A Lesson from Britney Spears’ Conservatorship
Giving family members authority over one’s finances can fray relationships.
Posted Sep 01, 2020
Mental illness impacts individuals across every walk of life — celebrities included. Many famous men and women have battled serious mental health issues, including the extremely high-profile case of Britney Spears. Since publicly decompensating more than 10 years ago, the 38-year old pop star has been subject to extensive tabloid reporting on her hospital stays, custody battles, and conservatorship. (Called guardianship in some states, conservatorship refers to court-ordered authority over the finances of a person unable to make their own decisions due to conditions of incapacity such as mental illness.)
Ms. Spears’ conservatorship has made recent news, with fans, fellow celebrities, and even the ACLU advocating that she be released from it, if she desires. Court filings showed that Ms. Spears “strongly opposed” her father resuming as her co-conservator, a role he served from 2008 until 2019. In late August, news circulated that this position would be filled by Ms. Spears’ younger sister Jamie Lynn, putting the 29-year old in control of Ms. Spears’ $57 million fortune, pending the approval of a judge.
Although it might seem reasonable, even preferable, to grant such authority to a trusted family member, it is not always the best decision. Serving as a conservator is a difficult and often thankless job, with coursework and ongoing reporting requirements. The role frequently necessitates restricting another’s spending as well as activities like driving and travel. It has the potential to create enormous friction between the conservator and the person for whom they’re responsible, sometimes irreparably damaging relationships. (Just note the issues that have surfaced between Ms. Spears and her father.)
As an attorney who specializes in helping families whose loved ones have serious mental health issues, I usually discourage family members from serving as conservators/guardians. By the time they’ve sought my help, they’ve often long served as caretakers to the detriment of their own mental health and family cohesiveness. In other words, they’re exhausted, burned out, and in need of outside help.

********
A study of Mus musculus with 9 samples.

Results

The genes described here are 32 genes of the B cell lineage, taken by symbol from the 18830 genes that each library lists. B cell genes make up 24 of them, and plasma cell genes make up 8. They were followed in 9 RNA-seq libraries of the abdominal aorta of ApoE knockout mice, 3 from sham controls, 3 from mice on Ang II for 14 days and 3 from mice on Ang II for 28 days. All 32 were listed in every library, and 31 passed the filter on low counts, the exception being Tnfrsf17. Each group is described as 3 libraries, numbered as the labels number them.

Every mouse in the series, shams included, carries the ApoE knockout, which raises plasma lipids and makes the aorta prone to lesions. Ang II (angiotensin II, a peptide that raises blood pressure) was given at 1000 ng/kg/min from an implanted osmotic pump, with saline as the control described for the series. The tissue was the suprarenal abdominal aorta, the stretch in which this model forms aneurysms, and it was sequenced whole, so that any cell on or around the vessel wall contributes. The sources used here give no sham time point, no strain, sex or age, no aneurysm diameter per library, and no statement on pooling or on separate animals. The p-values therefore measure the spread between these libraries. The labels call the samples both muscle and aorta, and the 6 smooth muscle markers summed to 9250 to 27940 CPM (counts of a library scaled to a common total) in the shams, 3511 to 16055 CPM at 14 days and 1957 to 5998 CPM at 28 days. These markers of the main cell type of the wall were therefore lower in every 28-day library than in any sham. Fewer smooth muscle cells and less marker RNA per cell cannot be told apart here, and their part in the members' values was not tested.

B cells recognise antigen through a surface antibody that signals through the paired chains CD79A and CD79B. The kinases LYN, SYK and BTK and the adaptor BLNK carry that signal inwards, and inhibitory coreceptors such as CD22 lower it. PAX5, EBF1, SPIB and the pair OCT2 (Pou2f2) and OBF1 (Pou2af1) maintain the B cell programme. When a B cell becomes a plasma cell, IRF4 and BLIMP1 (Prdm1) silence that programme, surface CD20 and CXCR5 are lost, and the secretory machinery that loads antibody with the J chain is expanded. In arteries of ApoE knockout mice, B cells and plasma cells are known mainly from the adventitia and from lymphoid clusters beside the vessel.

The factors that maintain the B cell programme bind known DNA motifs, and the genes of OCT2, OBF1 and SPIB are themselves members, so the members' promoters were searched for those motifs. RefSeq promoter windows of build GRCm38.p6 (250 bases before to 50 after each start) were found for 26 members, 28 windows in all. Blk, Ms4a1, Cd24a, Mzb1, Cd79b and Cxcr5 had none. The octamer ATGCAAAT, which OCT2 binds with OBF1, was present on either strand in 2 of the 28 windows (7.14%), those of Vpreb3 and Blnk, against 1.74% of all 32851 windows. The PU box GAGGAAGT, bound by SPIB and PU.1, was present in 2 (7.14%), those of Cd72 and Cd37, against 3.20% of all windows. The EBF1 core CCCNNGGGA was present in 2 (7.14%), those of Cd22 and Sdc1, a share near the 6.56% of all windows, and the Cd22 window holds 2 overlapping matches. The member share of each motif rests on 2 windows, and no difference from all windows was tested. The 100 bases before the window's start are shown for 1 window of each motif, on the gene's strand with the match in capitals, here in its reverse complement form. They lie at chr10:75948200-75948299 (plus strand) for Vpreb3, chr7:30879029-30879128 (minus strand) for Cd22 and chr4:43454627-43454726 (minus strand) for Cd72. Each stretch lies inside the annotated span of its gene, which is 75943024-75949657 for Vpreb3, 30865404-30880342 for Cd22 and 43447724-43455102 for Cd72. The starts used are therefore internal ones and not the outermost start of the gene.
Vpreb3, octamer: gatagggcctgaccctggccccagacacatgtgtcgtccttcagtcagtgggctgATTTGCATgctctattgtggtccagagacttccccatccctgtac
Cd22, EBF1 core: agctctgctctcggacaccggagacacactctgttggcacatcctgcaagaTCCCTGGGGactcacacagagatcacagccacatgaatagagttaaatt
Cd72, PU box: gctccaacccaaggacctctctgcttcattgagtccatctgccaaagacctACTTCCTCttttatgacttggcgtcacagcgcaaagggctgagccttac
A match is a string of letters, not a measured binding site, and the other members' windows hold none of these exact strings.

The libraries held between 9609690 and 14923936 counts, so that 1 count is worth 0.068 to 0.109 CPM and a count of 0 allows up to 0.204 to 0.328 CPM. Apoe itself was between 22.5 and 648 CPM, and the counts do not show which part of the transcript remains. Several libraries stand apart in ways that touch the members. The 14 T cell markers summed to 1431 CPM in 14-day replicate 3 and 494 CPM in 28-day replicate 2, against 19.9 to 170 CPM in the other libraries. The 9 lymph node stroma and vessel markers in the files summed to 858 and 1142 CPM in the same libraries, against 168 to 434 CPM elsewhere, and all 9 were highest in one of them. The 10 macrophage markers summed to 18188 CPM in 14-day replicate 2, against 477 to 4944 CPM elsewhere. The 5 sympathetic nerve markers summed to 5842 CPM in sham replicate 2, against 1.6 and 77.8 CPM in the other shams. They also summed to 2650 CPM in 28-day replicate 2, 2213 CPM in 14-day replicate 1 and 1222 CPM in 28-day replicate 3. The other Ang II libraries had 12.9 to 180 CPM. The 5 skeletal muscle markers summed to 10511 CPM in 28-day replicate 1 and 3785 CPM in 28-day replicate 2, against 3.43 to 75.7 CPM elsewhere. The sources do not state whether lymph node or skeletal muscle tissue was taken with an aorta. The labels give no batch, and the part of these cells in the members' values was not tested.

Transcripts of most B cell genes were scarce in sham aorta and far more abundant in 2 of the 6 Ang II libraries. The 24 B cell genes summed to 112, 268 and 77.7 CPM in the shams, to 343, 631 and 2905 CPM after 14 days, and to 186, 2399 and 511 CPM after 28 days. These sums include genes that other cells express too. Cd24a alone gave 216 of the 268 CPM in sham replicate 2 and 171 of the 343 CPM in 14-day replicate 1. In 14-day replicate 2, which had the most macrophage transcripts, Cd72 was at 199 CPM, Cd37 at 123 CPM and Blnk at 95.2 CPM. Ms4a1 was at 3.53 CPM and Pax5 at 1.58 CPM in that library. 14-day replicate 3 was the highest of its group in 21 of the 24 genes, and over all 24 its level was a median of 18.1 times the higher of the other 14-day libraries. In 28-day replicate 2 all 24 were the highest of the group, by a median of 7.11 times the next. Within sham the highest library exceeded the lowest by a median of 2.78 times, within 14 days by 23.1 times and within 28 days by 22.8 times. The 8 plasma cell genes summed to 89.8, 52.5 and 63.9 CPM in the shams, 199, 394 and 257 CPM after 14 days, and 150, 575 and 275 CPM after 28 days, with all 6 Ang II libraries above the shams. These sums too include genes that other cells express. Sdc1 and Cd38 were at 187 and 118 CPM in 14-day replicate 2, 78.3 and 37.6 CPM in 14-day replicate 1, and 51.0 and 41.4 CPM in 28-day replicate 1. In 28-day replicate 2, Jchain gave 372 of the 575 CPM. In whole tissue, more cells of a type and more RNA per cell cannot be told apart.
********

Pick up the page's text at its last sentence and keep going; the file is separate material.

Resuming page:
What’s more, family members who devote so much of themselves to their loved ones miss out on just being Mom or Dad, or a sister or brother. This represents a significant loss for all involved, including the person struggling with mental health issues. More than anything, these individuals need people they can turn to for unconditional love and support — a bond that can be easily compromised with the authority of conservatorship.
For families with financial means, it makes far more sense to bring in an independent conservator or guardian — someone who has been recommended by an attorney or clinician, who has experience working with people in similar age ranges with similar diagnoses, and who may be a good personality match. These professionals care deeply about the individuals for whom they’re responsible but can maintain a healthy emotional distance that is usually not possible for loved ones. While they’re compensated for their work, the courts oversee their fees.
It can be difficult for families to cede control to a third-party. Some simply can’t accept the idea of someone from “the outside” stepping into a decision-making role, even if it could significantly improve familial relationships.
I have no inside knowledge about the Spears’ conservatorship or family dynamics, nor would I divulge such details if I did. But it is clear her estate can afford to pay an independent conservator. Most families would be wiser to make this investment instead of potentially upending a relationship between two siblings.